Just a few weeks after disclosing that a director violated corporate-insider trading rules, the company reportedly says several other directors and executives did not comply with securities regulations.

Drkoop.com board members may know a thing or two about medicine, but apparently they need to hit the books when it comes to securities law.

Just a few weeks after disclosing that a director violated corporate-insider trading rules, the company said that several other directors and executives did not comply with securities regulations, the Wall Street Journal reported.

The infractions violate a federal securities regulation that prohibits company directors and executives from selling company stock within six months of purchasing shares.

Richard Helppie Drkoop.com, the health information Web site cofounded by former U.S. Surgeon General C. Everett Koop, confirmed that director Richard Helppie bought and sold shares within days of buying them. Helppie returned the $76 he made when he traded 400 shares of Drkoop for 16.63 on June 11. Helppie bought those shares for 16.44 on June 8, and holds more than 5 million shares according to a recent SEC filing.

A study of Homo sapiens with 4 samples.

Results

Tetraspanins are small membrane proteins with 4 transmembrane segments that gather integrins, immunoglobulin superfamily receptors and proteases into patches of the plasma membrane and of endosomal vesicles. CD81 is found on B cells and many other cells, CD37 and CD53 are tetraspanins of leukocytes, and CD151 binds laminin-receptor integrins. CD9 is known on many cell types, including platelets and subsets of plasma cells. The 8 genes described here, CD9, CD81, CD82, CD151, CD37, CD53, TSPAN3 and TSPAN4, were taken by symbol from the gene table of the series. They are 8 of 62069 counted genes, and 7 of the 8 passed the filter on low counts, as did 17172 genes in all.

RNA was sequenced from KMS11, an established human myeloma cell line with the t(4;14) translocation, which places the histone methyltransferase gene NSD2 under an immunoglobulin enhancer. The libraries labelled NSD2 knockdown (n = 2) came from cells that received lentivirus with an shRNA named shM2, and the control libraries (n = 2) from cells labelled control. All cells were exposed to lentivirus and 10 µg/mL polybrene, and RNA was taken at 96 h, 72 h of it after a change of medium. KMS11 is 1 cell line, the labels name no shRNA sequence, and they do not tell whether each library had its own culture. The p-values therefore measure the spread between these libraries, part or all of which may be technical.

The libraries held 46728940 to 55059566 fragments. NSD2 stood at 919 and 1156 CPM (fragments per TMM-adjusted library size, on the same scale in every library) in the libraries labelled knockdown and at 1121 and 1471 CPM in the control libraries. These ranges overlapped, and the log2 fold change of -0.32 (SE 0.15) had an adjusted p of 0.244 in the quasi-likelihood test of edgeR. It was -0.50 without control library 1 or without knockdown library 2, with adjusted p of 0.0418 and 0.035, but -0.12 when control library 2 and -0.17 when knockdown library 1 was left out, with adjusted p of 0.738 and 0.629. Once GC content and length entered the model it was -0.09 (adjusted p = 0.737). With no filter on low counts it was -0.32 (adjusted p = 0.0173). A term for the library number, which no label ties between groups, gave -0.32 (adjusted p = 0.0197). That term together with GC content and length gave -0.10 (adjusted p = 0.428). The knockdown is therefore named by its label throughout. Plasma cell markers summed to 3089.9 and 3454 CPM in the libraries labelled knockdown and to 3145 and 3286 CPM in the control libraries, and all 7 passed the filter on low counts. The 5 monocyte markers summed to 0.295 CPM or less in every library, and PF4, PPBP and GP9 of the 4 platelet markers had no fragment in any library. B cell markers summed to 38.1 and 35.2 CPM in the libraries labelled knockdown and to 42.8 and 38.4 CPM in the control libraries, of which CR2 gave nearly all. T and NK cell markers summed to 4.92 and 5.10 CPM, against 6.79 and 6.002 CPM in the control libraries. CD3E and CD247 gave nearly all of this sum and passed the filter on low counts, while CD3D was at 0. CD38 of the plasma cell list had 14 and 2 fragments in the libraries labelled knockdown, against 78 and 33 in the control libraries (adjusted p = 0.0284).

The company said that the company's founder, Dr. Koop, also neglected to file the proper disclosure forms on the day of company's initial public offering in June when he indirectly bought additional company stock, according to the Journal.

Last month, Drkoop said that director Nancy Snyderman violated corporate-insider trading rules by selling some of her company shares just one month after the IPO.

Even Drkoop's own chief financial officer, Sue Georgen-Saad, admitted that she failed to file the forms required after an insider buys or sells company stock, the Journal reported.

The violations do not seem to involve any deception, and the company said it has spoken to its directors on proper insider-trading procedures, the Journal reported.